This week, Microsoft began offering Windows Live OneCare. For $49.95 per year, you can get your PC (up to three of them) protected, maintained, and backed up.
I can see how this plan came about...
Steve: "Man Bill, making our OS secure and reliable is expensive."
Bill: "So charge the users for it."
Steve: "What?"
Bill: "Didn't you learn anything under my tutelage? When you find a weak spot, you offer a subscription to fix it, then act like you're doing the users a favor and charge for it."
Steve: "Will they put up with that?"

Bill: "Oh yeah, they always do. So tell them you can secure it and protect their data... But make sure you don't make any guarantees. Those might mean we actually had to be secure and the backups had to be usable."
Steve: "Right. So make it like an exclusive thing, where only those who join get in on the ground floor of this new bridge-buying project..."
Bill: "You've got the idea. And one last thing, remember that we do not collect personal data when doing online activities, but occasionally there is programmer error..."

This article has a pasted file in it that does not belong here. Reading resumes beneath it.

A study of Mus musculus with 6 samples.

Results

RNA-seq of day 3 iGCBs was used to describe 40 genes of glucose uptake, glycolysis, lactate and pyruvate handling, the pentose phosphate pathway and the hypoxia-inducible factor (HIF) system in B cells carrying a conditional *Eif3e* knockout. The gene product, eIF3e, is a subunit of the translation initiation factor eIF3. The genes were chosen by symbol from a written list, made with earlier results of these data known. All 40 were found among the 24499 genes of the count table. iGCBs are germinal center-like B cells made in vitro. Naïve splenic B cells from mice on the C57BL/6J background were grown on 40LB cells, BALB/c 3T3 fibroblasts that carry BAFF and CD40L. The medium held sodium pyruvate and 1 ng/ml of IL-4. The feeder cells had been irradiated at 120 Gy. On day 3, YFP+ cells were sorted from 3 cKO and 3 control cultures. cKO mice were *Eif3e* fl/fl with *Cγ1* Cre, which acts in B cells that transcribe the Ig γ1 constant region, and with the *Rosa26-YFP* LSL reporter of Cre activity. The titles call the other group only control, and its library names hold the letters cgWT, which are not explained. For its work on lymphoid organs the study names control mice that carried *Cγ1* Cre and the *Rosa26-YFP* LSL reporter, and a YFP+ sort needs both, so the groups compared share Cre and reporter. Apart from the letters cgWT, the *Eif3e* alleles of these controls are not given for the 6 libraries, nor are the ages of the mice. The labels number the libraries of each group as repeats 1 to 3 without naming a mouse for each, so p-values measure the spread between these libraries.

So what do you get for it? The security that you should have gotten with the OS purchase, apparently, you get for your fee now. You also get backups - wonder how well that works over dialup? You get disk optimization - the tools for which are distributed with your PC and could have been done sans Internet access, and even though it's called OneCare, it's apparently 1/2 Care, because I couldn't purchase it through FireFox. Makes me wonder how well it supports non-MS applications when doing backups.

But it sure seems that most of the functionality they're offering is already in Windows.

Now on the web page, Microsoft compared this to a car tune-up service. I think there's a world of difference. My car doesn't need to be tuned up once a month on a day that is now spitefully known as patch Tuesday. My car works perfectly with any kind of gasoline or motor oil or spark plugs or wiper fluid I put into it. And my car doesn't wave red flags at passing auto thieves, inviting them to enter the unlocked door. I can swap the engine out on my car without it refusing to run. And finally, my car doesn't ever have "programmer errors" that result in it notifying someone about who I have given rides to.